The economy of the international car industry continues to throw up stark differences across the globe. In Europe, things are looking pretty grim but the UK is doing exceptionally well. General Motors is seeing great performance in the US but is struggling in Europe.

The economy of the international car industry continues to throw up stark differences across the globe. In Europe, things are looking pretty grim but the UK is doing exceptionally well. General Motors is seeing great performance in the US but is struggling in Europe. There is one country however where the economics of buying a car is so complex that it seems to defy all logic. That country is Venezuela. Indeed, due to some odd financial policies of the country's socialist President, Hugo Chavez, Venezuela may be the only country in the world where a car's value actually increases as soon as you drive it out of the showroom.

 
When we buy a new car, we all know that we have to take a deep breath then swallow the fact that our car will lose a big chunk of its value the moment we drive away from the dealership. In Venezuela however, drivers have an altogether different experience. Take the example of a Ford Explorer SUV. A brand new model will cost around $30,000 in the showroom. Drive it around the corner however and there will be a queue of people waiting to take it off your hands for around $60,000. Doubling your money in a single day sounds too good to be true. There must be a catch and there is.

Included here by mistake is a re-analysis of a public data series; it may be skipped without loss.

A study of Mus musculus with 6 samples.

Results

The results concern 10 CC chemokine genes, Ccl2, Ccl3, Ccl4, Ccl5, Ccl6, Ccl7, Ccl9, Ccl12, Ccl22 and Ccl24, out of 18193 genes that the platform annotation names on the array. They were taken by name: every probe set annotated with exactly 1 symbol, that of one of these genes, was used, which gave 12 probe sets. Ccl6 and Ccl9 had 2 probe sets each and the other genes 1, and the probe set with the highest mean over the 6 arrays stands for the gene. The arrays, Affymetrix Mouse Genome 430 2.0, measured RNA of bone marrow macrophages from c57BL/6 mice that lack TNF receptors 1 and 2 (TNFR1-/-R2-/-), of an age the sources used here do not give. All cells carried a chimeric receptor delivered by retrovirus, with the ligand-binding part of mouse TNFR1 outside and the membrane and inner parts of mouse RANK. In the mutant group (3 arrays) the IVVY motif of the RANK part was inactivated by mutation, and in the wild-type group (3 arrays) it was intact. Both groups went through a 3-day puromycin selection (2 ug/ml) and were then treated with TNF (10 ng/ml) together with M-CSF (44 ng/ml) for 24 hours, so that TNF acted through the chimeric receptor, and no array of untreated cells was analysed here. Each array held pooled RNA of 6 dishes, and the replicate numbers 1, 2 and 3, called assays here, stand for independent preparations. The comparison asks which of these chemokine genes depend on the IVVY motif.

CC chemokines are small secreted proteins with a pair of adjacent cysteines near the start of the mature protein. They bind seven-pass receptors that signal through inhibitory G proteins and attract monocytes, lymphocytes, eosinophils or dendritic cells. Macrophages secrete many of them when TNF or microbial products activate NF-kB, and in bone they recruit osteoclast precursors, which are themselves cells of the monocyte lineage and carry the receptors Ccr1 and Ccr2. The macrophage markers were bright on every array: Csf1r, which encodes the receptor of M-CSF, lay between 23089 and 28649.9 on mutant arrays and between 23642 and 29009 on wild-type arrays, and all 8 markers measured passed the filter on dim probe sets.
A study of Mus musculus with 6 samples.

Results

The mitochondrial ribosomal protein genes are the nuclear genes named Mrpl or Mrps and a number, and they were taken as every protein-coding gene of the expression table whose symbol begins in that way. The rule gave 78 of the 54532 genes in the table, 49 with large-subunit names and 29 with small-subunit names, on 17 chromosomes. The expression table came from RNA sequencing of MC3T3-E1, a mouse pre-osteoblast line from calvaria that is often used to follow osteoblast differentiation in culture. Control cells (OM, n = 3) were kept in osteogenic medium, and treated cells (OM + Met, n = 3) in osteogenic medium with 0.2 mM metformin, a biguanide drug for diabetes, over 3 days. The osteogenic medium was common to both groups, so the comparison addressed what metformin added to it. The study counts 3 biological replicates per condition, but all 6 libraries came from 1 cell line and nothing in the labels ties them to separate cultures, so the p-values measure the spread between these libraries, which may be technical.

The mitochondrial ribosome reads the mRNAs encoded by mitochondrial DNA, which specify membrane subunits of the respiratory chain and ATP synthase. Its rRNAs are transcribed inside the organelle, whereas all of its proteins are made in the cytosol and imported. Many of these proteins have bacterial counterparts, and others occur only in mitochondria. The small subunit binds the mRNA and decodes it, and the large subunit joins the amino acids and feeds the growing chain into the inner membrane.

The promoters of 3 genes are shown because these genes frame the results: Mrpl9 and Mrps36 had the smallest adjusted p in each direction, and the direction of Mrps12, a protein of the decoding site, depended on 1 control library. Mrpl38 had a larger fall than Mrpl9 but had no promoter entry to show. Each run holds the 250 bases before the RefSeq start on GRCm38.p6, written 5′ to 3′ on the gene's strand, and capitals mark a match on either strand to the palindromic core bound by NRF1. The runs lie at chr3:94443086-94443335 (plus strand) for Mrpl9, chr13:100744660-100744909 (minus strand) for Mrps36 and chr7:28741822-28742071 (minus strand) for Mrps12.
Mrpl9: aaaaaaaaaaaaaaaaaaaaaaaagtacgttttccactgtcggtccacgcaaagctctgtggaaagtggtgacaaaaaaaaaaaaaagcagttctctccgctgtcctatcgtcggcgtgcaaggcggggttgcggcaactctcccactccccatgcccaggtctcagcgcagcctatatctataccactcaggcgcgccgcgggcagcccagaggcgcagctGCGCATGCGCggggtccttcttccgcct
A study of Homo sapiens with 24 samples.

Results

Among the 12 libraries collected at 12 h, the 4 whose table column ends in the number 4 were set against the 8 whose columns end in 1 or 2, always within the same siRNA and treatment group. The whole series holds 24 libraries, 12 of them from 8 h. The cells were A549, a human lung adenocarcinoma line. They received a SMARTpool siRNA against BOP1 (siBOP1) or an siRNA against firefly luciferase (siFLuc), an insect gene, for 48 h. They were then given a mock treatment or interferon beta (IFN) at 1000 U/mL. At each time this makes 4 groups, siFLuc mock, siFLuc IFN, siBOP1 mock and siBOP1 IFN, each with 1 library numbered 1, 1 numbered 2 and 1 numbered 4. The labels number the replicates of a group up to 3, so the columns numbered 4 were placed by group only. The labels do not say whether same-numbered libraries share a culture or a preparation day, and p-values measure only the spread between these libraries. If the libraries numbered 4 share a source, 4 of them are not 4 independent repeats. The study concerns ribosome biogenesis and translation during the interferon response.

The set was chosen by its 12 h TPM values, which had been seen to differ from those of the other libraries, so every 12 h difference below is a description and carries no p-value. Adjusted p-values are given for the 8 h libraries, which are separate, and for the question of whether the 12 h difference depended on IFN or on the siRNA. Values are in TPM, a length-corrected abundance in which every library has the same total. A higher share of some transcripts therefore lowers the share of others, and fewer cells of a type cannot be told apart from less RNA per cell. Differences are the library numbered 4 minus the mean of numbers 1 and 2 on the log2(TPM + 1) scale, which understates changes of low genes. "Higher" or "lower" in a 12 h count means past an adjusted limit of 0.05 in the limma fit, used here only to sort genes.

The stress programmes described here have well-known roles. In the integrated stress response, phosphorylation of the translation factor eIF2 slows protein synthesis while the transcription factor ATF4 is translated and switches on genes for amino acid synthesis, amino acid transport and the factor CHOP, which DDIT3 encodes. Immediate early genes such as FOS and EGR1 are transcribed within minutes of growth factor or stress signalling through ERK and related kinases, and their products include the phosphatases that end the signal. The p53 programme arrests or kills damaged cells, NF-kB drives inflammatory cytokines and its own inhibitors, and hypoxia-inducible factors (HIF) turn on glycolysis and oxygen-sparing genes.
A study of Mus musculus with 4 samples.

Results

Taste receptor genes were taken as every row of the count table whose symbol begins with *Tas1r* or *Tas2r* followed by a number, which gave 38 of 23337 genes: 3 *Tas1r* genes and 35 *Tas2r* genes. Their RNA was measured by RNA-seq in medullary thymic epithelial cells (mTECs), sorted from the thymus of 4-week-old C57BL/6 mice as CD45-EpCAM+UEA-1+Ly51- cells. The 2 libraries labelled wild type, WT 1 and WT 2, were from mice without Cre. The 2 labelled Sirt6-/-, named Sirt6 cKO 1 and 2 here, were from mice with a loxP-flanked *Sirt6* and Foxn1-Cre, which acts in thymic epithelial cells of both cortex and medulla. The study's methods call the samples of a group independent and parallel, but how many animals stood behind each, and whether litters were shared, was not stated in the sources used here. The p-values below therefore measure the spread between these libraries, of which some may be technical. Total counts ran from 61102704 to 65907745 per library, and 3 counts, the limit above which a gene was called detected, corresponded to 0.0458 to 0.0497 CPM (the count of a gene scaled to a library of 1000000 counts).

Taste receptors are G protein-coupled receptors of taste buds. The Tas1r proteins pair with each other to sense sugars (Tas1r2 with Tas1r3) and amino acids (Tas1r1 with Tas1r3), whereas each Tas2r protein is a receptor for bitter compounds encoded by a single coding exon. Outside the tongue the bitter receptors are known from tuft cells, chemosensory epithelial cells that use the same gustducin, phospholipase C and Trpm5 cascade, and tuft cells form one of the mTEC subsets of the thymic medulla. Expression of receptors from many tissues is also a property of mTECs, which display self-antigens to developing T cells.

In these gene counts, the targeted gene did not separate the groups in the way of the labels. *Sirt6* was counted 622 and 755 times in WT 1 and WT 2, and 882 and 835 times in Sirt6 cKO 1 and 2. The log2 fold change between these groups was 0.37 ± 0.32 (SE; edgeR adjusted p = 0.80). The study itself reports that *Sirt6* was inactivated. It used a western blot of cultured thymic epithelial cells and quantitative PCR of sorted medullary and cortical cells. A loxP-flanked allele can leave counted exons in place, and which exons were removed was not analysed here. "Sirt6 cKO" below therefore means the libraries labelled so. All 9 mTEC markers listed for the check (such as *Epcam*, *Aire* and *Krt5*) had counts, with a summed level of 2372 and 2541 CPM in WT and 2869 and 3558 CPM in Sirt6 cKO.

The catch is scarcity. The government in Venezuela is trying to prevent what they call 'capital flight'. That is when wealthier people change their money into a harder currency like the US dollar to shield their wealth against the inflation experienced by the Venezuelan Bolivar. To stop this, the government has put strict limitations on the amount of dollars any individual or indeed company can buy and that is a problem for car imports which are paid for in dollars.
 
Car dealers do not have enough dollars to buy the cars to satisfy demand and new cars in Venezuela showrooms are scarcer than hen's teeth. Waiting lists have lengthened to the point where it is almost impossible to find a new car and corruption is spreading through the system. Ordinary law-abiding people might find that they never quite make it to the top of the list as less scrupulous dealers take bribes from people to jump the queue. There was a little method in the government's madness. The idea behind the currency regulations was to limit imports and boost domestic car production to protect jobs. Sadly no one remembered that all of the car parts have to be imported too and there are no dollars for them either. Domestic production has therefore slumped, aggravating the shortages.